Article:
The Land Beneath Us
by Sarah Sundin
Series: Sunrise at Normandy #3
Published by Revell
Publication Date February 4, 2020
Genres: Historical Fiction, Christian Fiction, Action/Adventure, Clean Romance
Setting: Tennessee, England, France World War II Era - 1939 - 1946
Main Character Ages: 18-24
Written for: Adults
In 1943, Private Clay Paxton trains hard with the U.S. Army Rangers at Camp Forrest, Tennessee, determined to do his best in the upcoming Allied invasion of France. With his future stolen by his brothers' betrayal, Clay has only one thing to live for—fulfilling the recurring dream of his death.
Leah Jones works as a librarian at Camp Forrest, longing to rise above her orphanage upbringing and belong to the community, even as she uses her spare time to search for her real family—the baby sisters she was separated from so long ago.
After Clay saves Leah's life from a brutal attack, he saves her virtue with a marriage of convenience. When he ships out to train in England for D-Day, their letters bind them together over the distance. But can a love strong enough to overcome death grow between them before Clay's recurring dream comes true?
I would like to thank Netgalley, Revell for giving me a copy of this book. This gift did not influence my opinion or review.
Also in this series: The Sea Before Us , The Sky Above Us
I’ve been looking forward to reading The Land Beneath Us, but now that I’ve finished, I’m a little sad this wonderful series has concluded. So now that I know how things worked out – I’m so glad!! It was the perfect conclusion. I even got teary at the end.
I could easily fill this review about all the things I loved about Clay. His innate need to heal. His compassion. His protectiveness. His kindness. The way he didn’t question whether to do the right thing. The way he wanted to play by the rules – even in a time of war. His insecurity caused by being a “half-breed”. His brokenness. His need to forgive from his heart, which he longed to do – he just didn’t know how.
Clay’s struggle to forgive his brothers had him realizing his role in the prodigal story of his family. And he didn’t like it one bit! He struggled with pride, hurt and unforgiveness, as many of us do. Thankfully, he had a much stronger desire to have a right relationship with God. It was humbling and convicting to watch his spiritual journey.
The recurring dream Clay had of how he would die allowed him to display a bravery he might not have had otherwise. “This isn’t how I’m going to die”. It allowed him to not second-guess his choice to marry Leah when she discovered the rape had resulted in a pregnancy. After all, she would be able to get his pay and his benefits and he wouldn’t be losing a thing. Poor Clay hadn’t realized that this marriage would make him want to live and question his resolve.
Instead, I could fill the review about Leah and why she tore at my heart. An orphan who had been separated from her twin baby sisters when she was only four. Who had been treated with contempt because of her Greek heritage. Who had grown up knowing little but want. Who still understood love and forgiveness in a way many never will. Who was full of kindness and grace. Who exemplified such strength after being treated abominably.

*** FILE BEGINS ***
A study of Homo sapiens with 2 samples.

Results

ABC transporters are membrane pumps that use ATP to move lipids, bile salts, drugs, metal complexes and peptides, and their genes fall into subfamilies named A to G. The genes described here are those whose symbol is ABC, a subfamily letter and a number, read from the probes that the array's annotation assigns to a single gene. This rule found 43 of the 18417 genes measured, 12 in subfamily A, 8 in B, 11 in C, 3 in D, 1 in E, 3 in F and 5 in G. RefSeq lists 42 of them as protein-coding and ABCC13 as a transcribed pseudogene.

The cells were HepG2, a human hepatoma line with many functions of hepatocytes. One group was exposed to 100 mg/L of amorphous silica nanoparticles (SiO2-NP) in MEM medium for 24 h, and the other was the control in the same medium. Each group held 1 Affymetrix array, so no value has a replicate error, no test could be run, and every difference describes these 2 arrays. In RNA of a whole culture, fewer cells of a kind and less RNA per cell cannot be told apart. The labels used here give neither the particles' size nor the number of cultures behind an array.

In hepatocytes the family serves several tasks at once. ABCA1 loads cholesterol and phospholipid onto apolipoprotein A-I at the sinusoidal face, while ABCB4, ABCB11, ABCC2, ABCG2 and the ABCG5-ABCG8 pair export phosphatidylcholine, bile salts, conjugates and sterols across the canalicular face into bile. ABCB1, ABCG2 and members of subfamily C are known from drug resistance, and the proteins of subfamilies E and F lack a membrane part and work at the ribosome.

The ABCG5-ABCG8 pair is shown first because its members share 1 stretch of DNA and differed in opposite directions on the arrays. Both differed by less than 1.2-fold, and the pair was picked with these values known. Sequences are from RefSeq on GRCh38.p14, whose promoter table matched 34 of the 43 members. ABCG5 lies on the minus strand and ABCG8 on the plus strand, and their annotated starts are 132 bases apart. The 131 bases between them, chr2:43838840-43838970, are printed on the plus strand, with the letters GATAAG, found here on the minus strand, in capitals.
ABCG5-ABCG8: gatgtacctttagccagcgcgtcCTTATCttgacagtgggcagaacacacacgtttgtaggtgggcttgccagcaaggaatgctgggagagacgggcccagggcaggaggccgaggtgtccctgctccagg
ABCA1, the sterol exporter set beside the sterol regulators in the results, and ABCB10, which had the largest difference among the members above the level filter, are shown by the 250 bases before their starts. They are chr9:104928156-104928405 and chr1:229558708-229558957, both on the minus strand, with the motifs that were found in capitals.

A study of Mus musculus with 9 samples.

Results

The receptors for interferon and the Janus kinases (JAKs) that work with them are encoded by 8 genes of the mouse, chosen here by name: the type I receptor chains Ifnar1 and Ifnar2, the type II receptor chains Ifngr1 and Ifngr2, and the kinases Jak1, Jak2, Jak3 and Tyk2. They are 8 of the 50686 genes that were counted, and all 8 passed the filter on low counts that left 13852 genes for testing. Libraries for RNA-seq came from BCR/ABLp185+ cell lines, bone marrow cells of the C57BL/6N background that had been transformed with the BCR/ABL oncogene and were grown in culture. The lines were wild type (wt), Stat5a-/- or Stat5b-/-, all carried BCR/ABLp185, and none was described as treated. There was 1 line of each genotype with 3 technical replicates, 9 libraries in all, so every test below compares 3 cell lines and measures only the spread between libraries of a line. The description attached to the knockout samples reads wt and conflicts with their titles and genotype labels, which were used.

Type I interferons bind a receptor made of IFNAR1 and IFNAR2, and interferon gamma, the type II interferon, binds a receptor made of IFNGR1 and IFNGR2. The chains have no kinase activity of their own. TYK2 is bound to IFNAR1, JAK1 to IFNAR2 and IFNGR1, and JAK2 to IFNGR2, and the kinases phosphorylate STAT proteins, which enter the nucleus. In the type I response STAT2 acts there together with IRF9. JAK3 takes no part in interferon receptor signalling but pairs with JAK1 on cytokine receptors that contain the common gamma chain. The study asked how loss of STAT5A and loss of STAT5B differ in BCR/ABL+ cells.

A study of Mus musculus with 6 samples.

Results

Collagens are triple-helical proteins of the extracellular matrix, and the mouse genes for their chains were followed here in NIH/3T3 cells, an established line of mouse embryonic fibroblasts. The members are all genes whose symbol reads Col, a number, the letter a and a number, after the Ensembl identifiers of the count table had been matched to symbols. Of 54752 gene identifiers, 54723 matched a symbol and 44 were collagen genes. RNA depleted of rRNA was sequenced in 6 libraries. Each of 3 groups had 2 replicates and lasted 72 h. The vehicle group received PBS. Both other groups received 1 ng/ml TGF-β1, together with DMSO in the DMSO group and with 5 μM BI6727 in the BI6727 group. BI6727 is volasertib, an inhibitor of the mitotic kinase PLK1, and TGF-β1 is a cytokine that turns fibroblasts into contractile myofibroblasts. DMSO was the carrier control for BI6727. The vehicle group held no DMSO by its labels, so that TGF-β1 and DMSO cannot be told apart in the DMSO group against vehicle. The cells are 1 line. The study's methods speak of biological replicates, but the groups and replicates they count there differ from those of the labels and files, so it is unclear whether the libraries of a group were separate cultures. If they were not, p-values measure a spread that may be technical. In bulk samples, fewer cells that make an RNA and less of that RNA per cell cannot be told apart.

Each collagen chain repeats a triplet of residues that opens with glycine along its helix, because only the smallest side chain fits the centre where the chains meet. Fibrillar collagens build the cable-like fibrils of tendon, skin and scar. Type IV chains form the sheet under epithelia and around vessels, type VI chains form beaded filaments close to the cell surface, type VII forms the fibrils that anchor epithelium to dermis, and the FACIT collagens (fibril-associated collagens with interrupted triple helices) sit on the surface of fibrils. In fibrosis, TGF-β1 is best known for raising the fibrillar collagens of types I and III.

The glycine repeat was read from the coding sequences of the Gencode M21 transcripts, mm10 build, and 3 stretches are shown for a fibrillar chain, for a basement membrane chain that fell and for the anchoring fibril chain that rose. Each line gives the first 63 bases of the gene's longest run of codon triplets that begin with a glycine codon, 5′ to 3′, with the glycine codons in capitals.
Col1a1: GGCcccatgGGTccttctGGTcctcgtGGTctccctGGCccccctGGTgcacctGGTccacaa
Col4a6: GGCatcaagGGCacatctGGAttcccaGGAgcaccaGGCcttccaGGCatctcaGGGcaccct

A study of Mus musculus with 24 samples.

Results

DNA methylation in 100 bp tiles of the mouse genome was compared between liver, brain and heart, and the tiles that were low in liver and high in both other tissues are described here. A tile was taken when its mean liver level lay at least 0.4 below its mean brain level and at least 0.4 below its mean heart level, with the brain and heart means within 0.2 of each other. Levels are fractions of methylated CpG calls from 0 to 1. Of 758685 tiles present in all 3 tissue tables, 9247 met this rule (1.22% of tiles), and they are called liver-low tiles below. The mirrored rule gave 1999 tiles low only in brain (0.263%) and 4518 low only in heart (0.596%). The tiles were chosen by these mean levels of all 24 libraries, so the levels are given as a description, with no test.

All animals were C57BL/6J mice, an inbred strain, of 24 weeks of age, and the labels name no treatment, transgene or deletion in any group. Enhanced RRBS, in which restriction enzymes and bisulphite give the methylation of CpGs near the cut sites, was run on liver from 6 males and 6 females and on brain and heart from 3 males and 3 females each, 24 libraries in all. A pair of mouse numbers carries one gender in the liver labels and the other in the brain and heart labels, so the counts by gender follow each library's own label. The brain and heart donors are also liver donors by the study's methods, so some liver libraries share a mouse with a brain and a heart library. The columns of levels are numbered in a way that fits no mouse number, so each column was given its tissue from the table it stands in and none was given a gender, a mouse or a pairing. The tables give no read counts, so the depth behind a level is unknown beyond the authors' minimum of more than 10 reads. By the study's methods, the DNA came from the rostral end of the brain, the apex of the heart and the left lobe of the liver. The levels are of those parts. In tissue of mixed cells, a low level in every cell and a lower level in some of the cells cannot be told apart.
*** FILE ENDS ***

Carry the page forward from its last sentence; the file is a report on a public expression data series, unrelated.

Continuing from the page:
Leah’s longtime desire was to be a librarian. She had an incredible love for books and words and sharing them with the world. Though her I learned so much about wartime efforts to bring books to the soldiers through book drives.
She also had a heart for orphans, understanding personally what it was like to be cast aside. I was so surprised to see the attitudes of people towards orphans – as if the very fact of them not having parents was a reflection on them. She had been questing her entire life to discover who she was, where her sisters were, and to finally belong.
But if I only told you of the way I loved Clay and Leah, I would be negligent in telling you many other wonderful things about this story!
I loved the way Clay and Leah’s relationship was mostly established through their letters. And how they struggled to navigate their marriage of convenience with an expiration date.
I don’t remember loving Clay’s mom in the other books in this series as much as I loved her here. Her mother’s heart and the way she so quickly embraced Leah and cared for her in such a beautiful way touched my heart.
As with the other books in the Sunrise at Normandy series, I learned so much about the preparations for the D-Day invasion and the events that ensued. I was fascinated to learn the ways the Rangers trained and their role on the ground. Keeping the focus on the action and away from gore, Sarah Sundin made history come to life.
While I could gush on, I’ll spare you and simply recommend you read The Land Beneath Us and read it. After you’ve read the first two books of the Sunrise at Normandy series, of course. You could easily read this as a stand-alone; however, the author does not reiterate the details she has already covered in the first two books here so you will miss out on so much if you skip the others.